International Medical Aid
“Thousands of mothers, kids, men, and woman have benefited from this project… Many lives have been saved.”
Kyra Hamann, United States Embassy
“Thousands of mothers, kids, men, and woman have benefited from this project… Many lives have been saved.” Kyra Hamann, United States Embassy
Expanding Medical Aid In The Amazon Rainforest
In 2008 Jonathan Shanin's foundation, AidJoy, began working with dentists aboard a medical mission in the Amazon rainforest.
Since that time Jonathan’s foundation, AidJoy, has scaled these medical programs from treating 1,500 patients to treating 19,000 patients annually.
Go to AidJoy.org and learn more about AidJoy's contributions in medical expansion.
1. Jonathan Shanin, introducing dental hygiene to children aboard medial expedition in 2008
2. Jonathan assisting in dental care.
3. Aboard a medical expedition in the Amazon rainforest, made possible by Jonathan’s foundation, AidJoy.
4. TEDx talk on growing medical programs in the Amazon.
5. Jonathan’s foundation, AidJoy, is in the history books!
Nelson GEO 8, 2015 Textbook:
(Left) Nobel Peace Prize winner, Malala Yousafzai; (Right) AidJoy’s charity-partners delivering medical care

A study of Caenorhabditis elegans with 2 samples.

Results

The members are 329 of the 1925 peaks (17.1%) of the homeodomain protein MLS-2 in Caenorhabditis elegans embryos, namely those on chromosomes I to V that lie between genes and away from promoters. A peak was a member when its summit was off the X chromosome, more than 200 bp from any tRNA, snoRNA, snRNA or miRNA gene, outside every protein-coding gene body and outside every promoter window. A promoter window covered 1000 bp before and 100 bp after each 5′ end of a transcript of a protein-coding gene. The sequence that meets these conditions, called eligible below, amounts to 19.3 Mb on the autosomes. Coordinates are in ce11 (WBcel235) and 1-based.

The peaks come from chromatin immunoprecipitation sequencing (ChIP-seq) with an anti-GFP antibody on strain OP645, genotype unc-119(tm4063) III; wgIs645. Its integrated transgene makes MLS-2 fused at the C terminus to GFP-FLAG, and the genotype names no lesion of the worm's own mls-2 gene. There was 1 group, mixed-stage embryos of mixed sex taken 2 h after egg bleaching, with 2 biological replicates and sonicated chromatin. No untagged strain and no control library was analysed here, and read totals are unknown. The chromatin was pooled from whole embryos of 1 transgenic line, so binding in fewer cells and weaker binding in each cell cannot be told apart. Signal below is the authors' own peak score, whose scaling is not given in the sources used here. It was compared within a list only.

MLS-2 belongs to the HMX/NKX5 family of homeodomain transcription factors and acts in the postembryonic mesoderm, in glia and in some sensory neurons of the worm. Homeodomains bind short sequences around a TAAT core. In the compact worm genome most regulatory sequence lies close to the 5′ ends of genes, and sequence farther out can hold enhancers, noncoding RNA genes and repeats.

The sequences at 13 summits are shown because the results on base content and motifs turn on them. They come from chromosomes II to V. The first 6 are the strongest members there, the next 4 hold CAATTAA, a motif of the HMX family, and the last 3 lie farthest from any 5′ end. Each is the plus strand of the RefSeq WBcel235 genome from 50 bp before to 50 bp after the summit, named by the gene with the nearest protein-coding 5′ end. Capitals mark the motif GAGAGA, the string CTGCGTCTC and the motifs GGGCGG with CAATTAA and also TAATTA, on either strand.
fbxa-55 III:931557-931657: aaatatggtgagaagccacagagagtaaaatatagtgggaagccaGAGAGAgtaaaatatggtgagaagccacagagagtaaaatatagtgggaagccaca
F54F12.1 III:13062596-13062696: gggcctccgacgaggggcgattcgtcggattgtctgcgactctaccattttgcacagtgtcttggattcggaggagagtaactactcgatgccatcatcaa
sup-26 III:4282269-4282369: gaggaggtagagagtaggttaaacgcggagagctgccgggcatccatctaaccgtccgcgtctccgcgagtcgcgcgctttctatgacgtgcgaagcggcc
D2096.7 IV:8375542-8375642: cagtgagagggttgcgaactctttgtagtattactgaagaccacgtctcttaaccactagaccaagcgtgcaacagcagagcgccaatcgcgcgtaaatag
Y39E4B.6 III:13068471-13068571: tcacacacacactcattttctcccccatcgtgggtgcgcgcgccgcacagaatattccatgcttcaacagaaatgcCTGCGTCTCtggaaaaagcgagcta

The Location: Loreto, Peru: the Peruvian side of the Amazon rainforest. An area larger than Germany, covered in jungle.
The Population: Approximately 900,000 people, half of whom live in 4,000 villages scattered across the region.
Primary Mode of Transportation: Dugout canoe and riverboat taxi (peki-peki). For 95% of rural residents, the network of rivers is the only means of transportation. The cost of fuel for motorized boats is cost prohibitive for families in the Amazon.
The Problem: One public hospital serves uninsured patients from the entire region. For rural people, the cost of travel and medical expenses can start an inescapable cycle of poverty.
The Reality: Even if money can be found for motorized boat travel during an emergency, it can take days-to-weeks to reach medical professionals and receive treatment.
The Consequence: Tens-of-thousands suffer or die annually in the Peruvian Amazon from treatable or preventable medical conditions. The highest rates of mortality are among neonates and infants, and the #1 cause of death is common diarrhea and resultant dehydration.